Food-truck plan leaves bitter taste for White Rock restaurateurs

Food carts are being touted as a tourist draw in downtown Portland. - Portland Oregon Visitors Association photo (
Food carts are being touted as a tourist draw in downtown Portland.
— image credit: Portland Oregon Visitors Association photo (

When it comes to food trucks on White Rock’s waterfront, Marine Drive merchants have little appetite.

The sentiment was delivered to city officials by the executive director of the White Rock Business Improvement Association Wednesday, during a community meeting organized to gauge the interest in – or distaste for – the idea of adding the food vendors to this summer’s seaside menu.

Lyn Hellyar told Peace Arch News she doesn’t know of any waterfront restaurateurs who support the city suggestion.

A key concern, Hellyar said, is the potential impact to summer revenue that they rely on to carry them through the winter months, when beach traffic tapers off significantly.

“They need those really good summer months,” she said.

“Our biggest concern as a business improvement association is the number of businesses that are closing and also, would the food trucks really enhance the experience on the beach or is there something else that could enhance it?

“We… feel that they could do other things.”

The meeting was organized following council’s approval last month of hosting a return of food carts to the waterfront, including installation of concrete pads and electrical connections for three vendors.

While staff had recommended allowing up to four of the food trucks to operate in the westernmost waterfront parking lot, adjacent to Bayview Park, council voted to hear what the public thinks.

Hellyar was among about 40 people who took advantage of the opportunity.

Presenter Lizzy Caston – an urban planner from Portland, Ore. who was asked to share the pros and cons of mobile-food vending – described the meeting as “lively.”

“Great points were raised on both sides,” Caston told PAN the next day.

Comments and questions from attendees “ran the gamut,” she said. Some said “no way, no how,” citing noise, view impact and parking concerns; others said they wanted more food options, noting it can be difficult to get a seat in the waterfront restaurants on busy days.

Caston said one attendee told her restaurants are sometimes so full in the summer that “people can’t get food, so they end up driving to Surrey, they end up driving home, or getting fast food on the freeway.”

Food trucks, she noted, can complement existing restaurants – “strengthen the whole” – and boost tourism.

“I have seen benefits outweigh any challenges or costs,” she said. “I’ve also seen it not work.

“It’s really up to the community what’s best for them.”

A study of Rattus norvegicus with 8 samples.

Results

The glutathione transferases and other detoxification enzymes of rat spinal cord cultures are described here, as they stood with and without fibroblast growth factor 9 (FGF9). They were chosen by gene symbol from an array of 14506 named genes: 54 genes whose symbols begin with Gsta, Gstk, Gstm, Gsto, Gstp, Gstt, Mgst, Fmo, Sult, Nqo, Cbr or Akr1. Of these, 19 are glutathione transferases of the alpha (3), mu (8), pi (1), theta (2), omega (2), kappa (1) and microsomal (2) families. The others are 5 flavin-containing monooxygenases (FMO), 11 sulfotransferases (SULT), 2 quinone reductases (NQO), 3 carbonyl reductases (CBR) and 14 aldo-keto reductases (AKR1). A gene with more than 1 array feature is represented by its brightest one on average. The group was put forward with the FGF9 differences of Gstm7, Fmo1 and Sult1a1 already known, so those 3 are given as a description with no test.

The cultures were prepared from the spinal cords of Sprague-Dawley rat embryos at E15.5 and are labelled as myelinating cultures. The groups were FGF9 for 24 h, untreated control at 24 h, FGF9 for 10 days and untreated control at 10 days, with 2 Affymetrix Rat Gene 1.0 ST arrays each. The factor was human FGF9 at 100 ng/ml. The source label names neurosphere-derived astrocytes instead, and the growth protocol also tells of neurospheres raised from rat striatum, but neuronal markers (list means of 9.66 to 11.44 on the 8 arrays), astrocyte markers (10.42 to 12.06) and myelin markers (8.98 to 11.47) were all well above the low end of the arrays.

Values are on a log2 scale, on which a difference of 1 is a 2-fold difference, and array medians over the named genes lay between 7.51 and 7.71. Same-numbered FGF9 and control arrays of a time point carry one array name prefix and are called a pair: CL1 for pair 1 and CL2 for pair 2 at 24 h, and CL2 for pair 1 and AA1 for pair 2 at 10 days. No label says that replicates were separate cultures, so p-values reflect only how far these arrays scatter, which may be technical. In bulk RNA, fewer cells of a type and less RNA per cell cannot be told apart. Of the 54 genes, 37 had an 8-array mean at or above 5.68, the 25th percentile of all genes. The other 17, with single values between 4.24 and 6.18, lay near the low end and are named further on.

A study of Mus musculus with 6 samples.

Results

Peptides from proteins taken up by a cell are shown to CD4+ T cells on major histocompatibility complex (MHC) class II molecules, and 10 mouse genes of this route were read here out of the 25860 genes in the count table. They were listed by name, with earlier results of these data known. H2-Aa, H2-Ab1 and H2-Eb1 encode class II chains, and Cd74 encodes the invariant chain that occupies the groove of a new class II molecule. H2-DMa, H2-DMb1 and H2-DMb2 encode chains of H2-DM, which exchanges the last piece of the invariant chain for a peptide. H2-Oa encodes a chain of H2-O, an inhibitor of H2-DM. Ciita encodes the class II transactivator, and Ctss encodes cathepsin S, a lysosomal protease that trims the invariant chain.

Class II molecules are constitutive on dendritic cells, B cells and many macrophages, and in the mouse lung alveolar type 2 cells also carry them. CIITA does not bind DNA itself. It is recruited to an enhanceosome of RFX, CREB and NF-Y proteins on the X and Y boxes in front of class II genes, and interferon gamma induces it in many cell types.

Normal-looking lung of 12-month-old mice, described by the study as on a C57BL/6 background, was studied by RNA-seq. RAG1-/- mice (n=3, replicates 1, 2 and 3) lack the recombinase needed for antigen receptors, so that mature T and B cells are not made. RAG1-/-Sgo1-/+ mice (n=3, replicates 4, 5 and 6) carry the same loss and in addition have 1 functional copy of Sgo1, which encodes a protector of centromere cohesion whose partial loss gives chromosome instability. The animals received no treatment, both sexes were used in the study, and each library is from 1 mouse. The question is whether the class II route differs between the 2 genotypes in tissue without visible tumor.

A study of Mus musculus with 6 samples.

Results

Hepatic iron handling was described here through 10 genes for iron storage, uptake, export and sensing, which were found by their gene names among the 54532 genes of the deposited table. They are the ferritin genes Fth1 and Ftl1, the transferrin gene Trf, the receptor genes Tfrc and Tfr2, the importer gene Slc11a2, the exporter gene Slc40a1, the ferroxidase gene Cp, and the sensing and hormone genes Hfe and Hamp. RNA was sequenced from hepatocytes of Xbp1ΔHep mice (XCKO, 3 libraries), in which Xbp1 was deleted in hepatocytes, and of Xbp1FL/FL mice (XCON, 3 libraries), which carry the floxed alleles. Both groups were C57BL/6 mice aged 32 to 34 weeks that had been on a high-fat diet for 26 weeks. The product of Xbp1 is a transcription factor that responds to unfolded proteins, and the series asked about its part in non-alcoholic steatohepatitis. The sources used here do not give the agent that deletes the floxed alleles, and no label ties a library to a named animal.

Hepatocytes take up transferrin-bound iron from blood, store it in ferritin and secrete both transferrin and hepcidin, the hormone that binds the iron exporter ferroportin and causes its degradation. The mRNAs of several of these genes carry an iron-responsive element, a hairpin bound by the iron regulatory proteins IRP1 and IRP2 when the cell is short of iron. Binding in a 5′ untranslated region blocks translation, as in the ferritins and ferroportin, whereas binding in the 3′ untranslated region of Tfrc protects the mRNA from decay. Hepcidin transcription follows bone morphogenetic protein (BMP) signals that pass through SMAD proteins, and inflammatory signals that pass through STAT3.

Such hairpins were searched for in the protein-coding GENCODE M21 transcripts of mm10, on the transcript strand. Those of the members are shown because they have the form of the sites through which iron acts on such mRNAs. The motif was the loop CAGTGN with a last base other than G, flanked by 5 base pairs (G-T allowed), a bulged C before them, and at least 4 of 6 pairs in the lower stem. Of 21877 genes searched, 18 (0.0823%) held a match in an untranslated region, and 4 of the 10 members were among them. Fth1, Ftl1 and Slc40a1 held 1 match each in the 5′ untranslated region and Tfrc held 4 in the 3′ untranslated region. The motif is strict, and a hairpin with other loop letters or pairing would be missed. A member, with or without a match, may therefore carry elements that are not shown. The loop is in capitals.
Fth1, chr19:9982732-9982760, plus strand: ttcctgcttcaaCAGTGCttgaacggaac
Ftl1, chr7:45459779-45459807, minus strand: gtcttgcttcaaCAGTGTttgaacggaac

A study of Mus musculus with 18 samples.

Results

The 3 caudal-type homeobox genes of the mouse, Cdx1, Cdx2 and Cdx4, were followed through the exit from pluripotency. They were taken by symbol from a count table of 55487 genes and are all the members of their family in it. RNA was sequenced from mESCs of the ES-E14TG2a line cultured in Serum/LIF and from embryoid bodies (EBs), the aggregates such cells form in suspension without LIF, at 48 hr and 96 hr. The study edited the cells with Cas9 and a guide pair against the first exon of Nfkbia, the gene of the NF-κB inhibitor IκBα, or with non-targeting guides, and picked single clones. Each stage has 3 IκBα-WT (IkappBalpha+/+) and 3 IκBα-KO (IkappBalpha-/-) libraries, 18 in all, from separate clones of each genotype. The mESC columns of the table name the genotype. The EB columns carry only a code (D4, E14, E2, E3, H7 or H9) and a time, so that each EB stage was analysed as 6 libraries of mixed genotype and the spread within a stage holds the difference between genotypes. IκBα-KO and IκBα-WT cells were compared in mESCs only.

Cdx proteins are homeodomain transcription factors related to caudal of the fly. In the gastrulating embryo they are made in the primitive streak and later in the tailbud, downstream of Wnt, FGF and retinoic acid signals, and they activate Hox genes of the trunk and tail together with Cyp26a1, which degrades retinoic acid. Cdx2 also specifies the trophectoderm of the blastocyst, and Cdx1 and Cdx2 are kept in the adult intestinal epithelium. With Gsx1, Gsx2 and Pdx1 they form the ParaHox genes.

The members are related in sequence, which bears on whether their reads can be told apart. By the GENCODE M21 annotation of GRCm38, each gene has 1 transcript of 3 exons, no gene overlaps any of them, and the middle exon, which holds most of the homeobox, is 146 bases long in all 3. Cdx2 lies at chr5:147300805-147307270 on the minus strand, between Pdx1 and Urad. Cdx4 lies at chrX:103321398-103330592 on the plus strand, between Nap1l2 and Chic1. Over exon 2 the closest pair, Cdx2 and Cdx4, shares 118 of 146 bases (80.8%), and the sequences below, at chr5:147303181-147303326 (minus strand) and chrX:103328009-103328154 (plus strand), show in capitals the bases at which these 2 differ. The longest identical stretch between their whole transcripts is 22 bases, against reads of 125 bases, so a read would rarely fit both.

Coun. Grant Meyer – who suggested getting the public input, but was unable to attend the meeting – said he’s received “quite a bit of feedback” on the issue; that people aren’t against food carts, but feel the bigger trucks would be “a bit much” and better reserved for special events such as Canada Day festivities and the like.

He’s more keen on growing occasions such as Christmas on the Drive and Halloween into bigger, longer-lasting events that would bring more people to the beach in the slow season. Even if only one in four of the visitors who turn out buy a coffee or meal while they’re there, it would be an improvement, he said.

Coun. Louise Hutchinson, who lives on west Marine Drive and has opposed food trucks from the get-go, said her position hasn’t changed. She, too, believes energy would be better-spent on boosting the waterfront’s off-season draw.

“We don’t need more things down here in the summer, we need to bring things down here in the winter,” she said. “Our merchants have a hard enough time staying as year-round businesses.”

Hutchinson said allowing entrepreneurs to sell hats, sunscreen and sundry summer items on the beach, or rent out things like beach chairs, would add more to the scene than food trucks.

Richard Wilson, the city’s acting director of planning and development services, said staff fielded “a lot” of questions from meeting attendees, and heard a mixture of opinions.

He expects to present the feedback, along with results of an online survey, to council at their April 28 meeting.

Caston – who said she waived her consultant’s fee for the meeting – commended the city for using a “healthy, democratic” process in exploring the food-truck concept.

Food-cart vendors had until Friday to apply for one of the three promenade locations, which are in the process of being installed. As of Monday afternoon, city staff had narrowed the eligible applications down to five.

White Rock’s season of mobile food options is anticipated to open May 1 and continue through to the end of September.